You’re worth fighting for

Tara McGovern

A self-defense workshop was held in the Buchanan-Kiewit Recreation Center Sun., May 13. The workshop reviewed simple things that are important to know in threatening situations like robbery or assault.
Coach Kurt Kirner, the university swim coach who works year-round at the recreation center and teaches a course on physical wellness dynamics, reported having held this class several times over the past 15 years.
Kirner said, “We at the rec center have long promoted student safety on campus and think this is a great service to our student body.”
Stephen Bryan has been teaching self-defense though workshops at Lawrence for the past 10 years, in addition to the Taijutsu martial arts course he also offers.
In Sunday’s workshop, Bryan emphasized the importance of always being aware of your surroundings. Most people have experienced the feeling that someone is staring at them, he explained. Bryan told the class to trust their instincts in those situations. “If you feel uncomfortable, it is for a reason and it is important to be aware of that,” he said.
Bryan said that most Lawrence students have been brought up to be nice and accommodating, and often people are caught in dangerous situations thinking, “If I follow along, they won’t hurt me.” This is not true, he stated.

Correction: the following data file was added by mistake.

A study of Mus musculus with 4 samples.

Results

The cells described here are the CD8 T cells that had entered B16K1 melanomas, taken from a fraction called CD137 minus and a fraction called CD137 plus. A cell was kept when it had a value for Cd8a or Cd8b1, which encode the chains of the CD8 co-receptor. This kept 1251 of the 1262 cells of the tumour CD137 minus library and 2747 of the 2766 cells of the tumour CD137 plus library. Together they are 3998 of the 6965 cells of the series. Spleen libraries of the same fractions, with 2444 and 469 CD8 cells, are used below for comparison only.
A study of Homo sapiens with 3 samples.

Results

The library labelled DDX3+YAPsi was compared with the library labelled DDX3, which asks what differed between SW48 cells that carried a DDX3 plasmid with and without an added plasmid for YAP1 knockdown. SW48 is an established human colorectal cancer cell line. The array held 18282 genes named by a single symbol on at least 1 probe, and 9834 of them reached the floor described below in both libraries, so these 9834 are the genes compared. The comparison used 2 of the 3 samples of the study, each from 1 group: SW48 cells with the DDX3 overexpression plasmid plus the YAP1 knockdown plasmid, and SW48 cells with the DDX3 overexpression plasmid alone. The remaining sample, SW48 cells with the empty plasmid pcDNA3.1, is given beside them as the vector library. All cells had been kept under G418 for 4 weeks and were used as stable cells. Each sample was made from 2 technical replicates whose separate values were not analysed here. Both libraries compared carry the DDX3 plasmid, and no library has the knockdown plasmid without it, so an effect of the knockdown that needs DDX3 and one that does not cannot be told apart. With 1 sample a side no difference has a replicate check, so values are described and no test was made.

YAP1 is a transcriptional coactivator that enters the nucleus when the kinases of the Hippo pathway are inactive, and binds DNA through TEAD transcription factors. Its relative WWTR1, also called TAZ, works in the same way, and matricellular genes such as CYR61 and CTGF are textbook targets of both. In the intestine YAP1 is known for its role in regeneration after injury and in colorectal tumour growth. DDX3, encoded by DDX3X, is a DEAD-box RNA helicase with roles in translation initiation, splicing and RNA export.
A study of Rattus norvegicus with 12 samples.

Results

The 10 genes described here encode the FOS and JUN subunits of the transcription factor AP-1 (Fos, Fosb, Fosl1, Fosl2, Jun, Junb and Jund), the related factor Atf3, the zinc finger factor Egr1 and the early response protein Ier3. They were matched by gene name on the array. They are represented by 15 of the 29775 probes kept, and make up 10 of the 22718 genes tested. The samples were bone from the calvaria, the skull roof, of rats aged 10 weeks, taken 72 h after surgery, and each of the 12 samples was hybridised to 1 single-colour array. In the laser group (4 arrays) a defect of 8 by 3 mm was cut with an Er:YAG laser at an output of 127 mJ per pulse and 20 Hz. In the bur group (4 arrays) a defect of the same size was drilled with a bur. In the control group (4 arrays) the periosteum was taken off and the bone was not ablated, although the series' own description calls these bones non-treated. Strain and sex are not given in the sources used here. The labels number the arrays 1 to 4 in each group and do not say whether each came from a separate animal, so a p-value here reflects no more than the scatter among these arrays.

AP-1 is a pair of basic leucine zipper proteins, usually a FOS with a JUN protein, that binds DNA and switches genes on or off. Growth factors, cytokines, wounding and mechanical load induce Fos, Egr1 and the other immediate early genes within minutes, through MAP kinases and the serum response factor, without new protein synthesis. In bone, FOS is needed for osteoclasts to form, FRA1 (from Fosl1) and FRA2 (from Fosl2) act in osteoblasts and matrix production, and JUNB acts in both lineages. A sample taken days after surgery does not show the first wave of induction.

Bryan noted the importance of using your voice to show that you will not be the weak victim. Students were told to practice saying “NO!” forcefully from the gut. “Your voice is probably your best weapon,” said Bryan.
The other two most important things to remember in dangerous situations are to put up a fight and run. Putting up a fight doesn’t mean right hooks and karate kicks, but instead uses easy and effective techniques to get you out of the situation as quickly as possible.
Unless you’ve been practicing punching for years, Bryan instructed, don’t try because it is likely that you will break a knuckle or wrist. Instead, use your open palm and fingers to hit the target area of the offender’s face. The target area is the area of the face where the “water works” are – the eyes and nose.
The elbow is also a good weapon to strike a blow with, as well as the knee. Instead of making flashy kicks and punches there are things that you can do which are more effective and less expected, like a sharp kick to the knee, or the testicles if the offender is male.
Bryan also went over techniques to dislodge your hand from a tight grip. Just think “wax on, wax off,” because by twisting your arm you will break the wrist of the person holding on unless they let go.
There is no need to be paranoid or afraid, Bryan made clear, just aware and safe. “You should be able to walk freely whenever and wherever you want, [but] that’s not the world we live in,” Bryan said.
A second workshop will be held Sun., May 20 at 7:30 p.m. in the rec center.